Narcolepsy is a chronic neurological disorder that involves the body's central nervous system. People with narcolepsy experience sudden, overpowering attacks of sleepiness lasting from a few seconds to half an hour. They might suffer dozens or even hundreds of these attacks each day. This can happen at any time, and is often accompanied by a loss of muscle tone or partial paralysis, a condition called cateplexy that is triggered by the experience of a strong emotion, usually laughter or anger. These cataplexy episodes occur during the day, sometimes many times a day. Then, at night, people with narcolepsy may suffer from sleep paralysis, a condition of being unable to speak or move even though fully aware of external events.
For people with narcolepsy, the most important and debilitating effect of the disorder is that they are unbearably sleepy all the time. Their struggle to stay awake is relentless, and whenever they let down their guard, sleep immediately overcomes them. Even when they are on guard, they are often overtaken by sleep-in the middle of a sentence, while eating, or even during sex. Such unintended sleep "attacks" may last up to 10 or 20 minutes, and then victims wake up feeling somewhat refreshed. Soon afterward, they become sleepy again. The attacks may be triggered by excitement or other intense emotions.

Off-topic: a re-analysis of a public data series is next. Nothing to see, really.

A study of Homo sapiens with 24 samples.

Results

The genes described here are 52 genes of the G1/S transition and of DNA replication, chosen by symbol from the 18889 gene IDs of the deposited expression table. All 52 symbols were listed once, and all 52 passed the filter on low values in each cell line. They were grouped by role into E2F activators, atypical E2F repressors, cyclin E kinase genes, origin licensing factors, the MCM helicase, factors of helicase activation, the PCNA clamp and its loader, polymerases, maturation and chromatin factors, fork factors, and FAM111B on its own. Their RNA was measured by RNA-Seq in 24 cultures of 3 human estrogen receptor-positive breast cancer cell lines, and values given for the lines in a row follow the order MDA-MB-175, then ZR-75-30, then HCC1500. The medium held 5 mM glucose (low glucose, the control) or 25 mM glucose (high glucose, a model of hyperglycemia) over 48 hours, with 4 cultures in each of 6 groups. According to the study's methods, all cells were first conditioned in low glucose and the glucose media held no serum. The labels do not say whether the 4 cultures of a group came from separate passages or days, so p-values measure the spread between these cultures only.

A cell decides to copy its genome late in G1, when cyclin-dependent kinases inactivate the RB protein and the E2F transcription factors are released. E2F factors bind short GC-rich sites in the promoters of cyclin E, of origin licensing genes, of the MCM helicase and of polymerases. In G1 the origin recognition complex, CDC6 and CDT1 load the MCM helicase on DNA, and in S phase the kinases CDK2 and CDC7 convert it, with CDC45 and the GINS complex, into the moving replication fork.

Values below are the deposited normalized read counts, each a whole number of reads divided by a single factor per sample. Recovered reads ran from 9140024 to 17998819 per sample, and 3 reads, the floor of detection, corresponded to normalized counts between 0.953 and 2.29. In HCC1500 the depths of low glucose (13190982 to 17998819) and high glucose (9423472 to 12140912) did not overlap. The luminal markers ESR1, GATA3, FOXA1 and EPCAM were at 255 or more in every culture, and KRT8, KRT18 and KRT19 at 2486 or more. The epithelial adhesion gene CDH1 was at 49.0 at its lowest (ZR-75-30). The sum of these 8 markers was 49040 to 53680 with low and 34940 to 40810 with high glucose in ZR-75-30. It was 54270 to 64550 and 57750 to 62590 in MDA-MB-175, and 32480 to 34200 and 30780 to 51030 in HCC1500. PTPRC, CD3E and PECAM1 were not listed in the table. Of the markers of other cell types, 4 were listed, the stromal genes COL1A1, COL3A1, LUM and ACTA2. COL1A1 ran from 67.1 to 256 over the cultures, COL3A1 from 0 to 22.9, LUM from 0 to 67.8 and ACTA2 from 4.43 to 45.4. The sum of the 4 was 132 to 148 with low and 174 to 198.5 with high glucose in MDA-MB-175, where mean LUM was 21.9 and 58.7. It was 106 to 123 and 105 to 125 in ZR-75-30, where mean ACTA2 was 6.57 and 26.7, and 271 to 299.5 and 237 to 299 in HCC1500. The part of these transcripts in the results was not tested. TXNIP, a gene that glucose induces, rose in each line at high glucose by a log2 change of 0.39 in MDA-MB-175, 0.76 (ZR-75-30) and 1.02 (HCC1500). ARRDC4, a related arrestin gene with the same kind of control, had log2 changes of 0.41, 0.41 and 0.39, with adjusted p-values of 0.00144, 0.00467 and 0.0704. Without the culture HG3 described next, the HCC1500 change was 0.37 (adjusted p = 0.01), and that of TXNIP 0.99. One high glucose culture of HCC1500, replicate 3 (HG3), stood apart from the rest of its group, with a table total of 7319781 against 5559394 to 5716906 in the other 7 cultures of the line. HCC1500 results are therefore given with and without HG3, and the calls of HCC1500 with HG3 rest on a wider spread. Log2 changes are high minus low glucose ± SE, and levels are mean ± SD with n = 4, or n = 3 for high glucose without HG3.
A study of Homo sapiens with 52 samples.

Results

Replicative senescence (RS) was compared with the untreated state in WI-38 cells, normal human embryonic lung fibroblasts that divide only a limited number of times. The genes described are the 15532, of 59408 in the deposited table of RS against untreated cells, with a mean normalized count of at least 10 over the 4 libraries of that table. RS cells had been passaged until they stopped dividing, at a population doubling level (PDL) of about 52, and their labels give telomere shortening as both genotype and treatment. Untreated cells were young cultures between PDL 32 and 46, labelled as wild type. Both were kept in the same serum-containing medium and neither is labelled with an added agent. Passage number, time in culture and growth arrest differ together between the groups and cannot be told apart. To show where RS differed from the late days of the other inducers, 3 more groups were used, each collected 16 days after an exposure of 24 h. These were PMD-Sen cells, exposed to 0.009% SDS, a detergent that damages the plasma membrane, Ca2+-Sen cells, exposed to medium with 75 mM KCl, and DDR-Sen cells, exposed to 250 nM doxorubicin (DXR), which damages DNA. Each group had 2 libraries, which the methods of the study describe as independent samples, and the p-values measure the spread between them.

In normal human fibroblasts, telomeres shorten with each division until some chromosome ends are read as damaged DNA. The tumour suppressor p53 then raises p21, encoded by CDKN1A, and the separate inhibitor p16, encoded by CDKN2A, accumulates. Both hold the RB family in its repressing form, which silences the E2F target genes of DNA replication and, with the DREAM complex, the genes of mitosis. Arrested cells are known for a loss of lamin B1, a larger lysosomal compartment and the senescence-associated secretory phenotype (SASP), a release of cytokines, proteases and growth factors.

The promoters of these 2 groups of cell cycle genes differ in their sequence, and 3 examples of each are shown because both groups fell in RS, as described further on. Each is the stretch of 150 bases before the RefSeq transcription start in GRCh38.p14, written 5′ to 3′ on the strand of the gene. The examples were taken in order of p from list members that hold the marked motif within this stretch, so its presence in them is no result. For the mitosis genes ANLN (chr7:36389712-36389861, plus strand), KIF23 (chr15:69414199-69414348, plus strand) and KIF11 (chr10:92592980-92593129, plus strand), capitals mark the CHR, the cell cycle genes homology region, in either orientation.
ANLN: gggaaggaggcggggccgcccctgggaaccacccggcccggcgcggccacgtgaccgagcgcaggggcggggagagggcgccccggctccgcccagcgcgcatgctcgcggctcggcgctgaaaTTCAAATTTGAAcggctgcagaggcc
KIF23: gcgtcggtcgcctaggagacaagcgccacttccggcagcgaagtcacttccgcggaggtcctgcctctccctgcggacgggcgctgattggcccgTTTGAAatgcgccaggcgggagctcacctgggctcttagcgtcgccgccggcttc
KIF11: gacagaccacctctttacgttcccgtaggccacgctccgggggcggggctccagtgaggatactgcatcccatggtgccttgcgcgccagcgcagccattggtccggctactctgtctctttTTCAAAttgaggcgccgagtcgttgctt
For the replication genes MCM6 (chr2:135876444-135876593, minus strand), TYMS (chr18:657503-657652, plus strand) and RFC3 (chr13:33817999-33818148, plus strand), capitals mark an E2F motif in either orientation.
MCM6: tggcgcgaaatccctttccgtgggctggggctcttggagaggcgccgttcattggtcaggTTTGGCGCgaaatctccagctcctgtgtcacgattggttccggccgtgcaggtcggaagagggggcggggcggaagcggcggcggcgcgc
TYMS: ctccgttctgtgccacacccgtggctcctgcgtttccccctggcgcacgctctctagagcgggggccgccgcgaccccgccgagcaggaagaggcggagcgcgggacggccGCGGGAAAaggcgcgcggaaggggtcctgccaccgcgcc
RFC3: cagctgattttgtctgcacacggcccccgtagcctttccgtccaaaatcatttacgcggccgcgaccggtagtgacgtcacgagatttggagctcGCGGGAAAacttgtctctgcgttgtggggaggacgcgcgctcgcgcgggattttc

It is nearly impossible for people with narcolepsy to lead normal lives. Relationships are often damaged irreversibly when patients fall asleep during a conversation--or even during sex. It is difficult for mates to understand that it is narcolepsy, a disease, not boredom, that causes their mate to fall asleep at emotionally charged moments. The sufferers find it very difficult to function socially. They often withdraw completely from active social life to minimize embarrassment.
Narcolepsy is a genetic disorder. The cause or causes of narcolepsy are unknown, but brain infection, head trauma, or brain tumors maybe behind some cases. It is known that narcolepsy is almost never the result of insomnia or sleep deprivation. Sleep lab studies show that narcolepsy results from a severe disturbance in the normal architecture of sleep. Specifically, people with narcolepsy go into the REM stage first, instead of at the end of a sleep cycle as in healthy people.
Narcolepsy affects both men and women of any age. It has been identified in children as young as three and has first emerged as late as 50 in a few adults. The peak time of onset is during adolescence. Typically, the first symptoms of narcolepsy appear between the ages of 15 and 30. Often 10-15 years pass between the onset of symptoms and diagnosis. It's particularly harmful when narcolepsy occurs in children and isn't recognized. Parents often mistake the behavior of a narcoleptic child as from being uncooperative, lazy, and liar.
According to the American Narcolepsy Association, 1 out of every 1000 Americans is afflicted with this disorder. Yet, between 50 and 80 percent of them remain undiagnosed.